Doctors routinely make difficult decisions as to what drugs and substances to give patients and in what circumstances. Patients rely on their doctors to make safe decisions on their behalf. That is why patients become upset when doctors administer substances to patients after the Food and Drug Administration (FDA) identifies such substance as harboring potential health hazards.
Magnetic Resonance Imaging (MRI) is a common diagnostic procedure that provides images of the internal structures of the body. Doctors inject contrast agents prior to performing an MRI because they are dyes that make the internal structures of the body more clear during the scan. Many of these contrast agents contain a chemical called Gadolinium.
Gadolinium is removed from the body via the kidneys. Its use is a risk for people who are prone to kidney problems and has recently been found to cause Nephrogenic Systemic Fibrosis (NSF). NSF is a painful and incurable illness that causes fibrosis on the skin and several organs. Recent reports indicate that Ominscan, Magnevist and Optimark may be the most likely Gadolinium based contrast agents to cause NSF.
Consider a case where a woman was given a Gadolinium based contrast agent despite the fact that she was on Dialysis. The FDA has issued a “black box” warning for these sorts of contrast agents because of its correlation to cases of NSF. Nonetheless, the doctors still injected the chemical into the woman and she wants to know why.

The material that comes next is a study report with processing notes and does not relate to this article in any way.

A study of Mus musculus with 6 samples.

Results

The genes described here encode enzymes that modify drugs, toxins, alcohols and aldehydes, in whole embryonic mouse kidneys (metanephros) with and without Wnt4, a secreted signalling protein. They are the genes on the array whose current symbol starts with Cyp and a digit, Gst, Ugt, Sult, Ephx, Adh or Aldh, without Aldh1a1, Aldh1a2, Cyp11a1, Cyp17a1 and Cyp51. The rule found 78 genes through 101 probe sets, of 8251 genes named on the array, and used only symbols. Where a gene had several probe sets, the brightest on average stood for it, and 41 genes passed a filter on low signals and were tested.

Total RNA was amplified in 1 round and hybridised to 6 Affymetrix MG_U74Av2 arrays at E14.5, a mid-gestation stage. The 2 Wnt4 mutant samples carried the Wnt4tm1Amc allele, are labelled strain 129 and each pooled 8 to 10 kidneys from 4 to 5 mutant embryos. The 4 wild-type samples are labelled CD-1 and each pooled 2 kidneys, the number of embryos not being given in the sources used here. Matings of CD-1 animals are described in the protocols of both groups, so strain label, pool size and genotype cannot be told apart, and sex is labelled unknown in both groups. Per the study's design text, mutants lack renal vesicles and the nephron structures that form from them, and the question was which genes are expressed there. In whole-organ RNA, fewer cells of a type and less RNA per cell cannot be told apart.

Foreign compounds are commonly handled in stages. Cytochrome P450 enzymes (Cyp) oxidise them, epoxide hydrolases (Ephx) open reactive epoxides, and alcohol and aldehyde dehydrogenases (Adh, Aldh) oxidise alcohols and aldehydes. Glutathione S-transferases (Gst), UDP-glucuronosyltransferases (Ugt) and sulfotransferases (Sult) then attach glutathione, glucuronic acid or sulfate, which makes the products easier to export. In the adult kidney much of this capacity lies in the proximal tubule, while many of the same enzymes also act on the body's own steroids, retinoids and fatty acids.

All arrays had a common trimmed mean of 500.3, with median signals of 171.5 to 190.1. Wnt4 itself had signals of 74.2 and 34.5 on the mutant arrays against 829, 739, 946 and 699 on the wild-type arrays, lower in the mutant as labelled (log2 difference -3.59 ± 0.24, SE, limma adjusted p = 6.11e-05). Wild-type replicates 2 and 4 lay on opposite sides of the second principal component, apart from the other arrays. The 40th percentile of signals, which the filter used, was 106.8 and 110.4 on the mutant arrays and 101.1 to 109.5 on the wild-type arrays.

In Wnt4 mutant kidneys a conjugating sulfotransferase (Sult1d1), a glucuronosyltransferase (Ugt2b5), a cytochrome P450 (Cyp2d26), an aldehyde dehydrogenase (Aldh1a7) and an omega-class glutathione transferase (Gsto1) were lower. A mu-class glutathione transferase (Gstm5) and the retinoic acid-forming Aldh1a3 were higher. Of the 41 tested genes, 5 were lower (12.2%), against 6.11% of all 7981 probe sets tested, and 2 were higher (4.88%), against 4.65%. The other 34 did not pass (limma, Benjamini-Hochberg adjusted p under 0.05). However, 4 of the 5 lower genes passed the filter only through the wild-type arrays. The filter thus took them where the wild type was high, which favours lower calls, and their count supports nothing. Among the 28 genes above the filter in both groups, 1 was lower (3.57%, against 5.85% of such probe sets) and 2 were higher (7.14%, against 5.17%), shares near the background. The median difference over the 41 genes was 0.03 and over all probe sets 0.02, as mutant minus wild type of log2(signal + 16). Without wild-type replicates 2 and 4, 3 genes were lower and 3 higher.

The woman is now bedridden and cannot perform daily activities without becoming exhausted. NSF typically hardens the skin around the joints making even minimal movement painful. Further, the mortality rate of NSF patients increases to fifty-percent after two years.
There are other contrast agents that can be used in lieu of Gadolinium based agents. These alternatives may have not have put this woman’s life at risk. She and her family want to know why her doctors gave her a Gadolinium based contract agent despite her already suffering kidneys and the strictest of warnings from the FDA.
There can be little doubt that doctors are burdened with making difficult decisions over drugs and treatments. However, in the case of Gadolinium base contrast agents, such decisions are hard to understand.
To learn more about how these cases work, I encourage you to explore my website http://www.oginski-law.com. If you have legal questions, I urge you to pick up the phone and call me at 516-487-8207 or by e-mail at [email protected]. I welcome your call.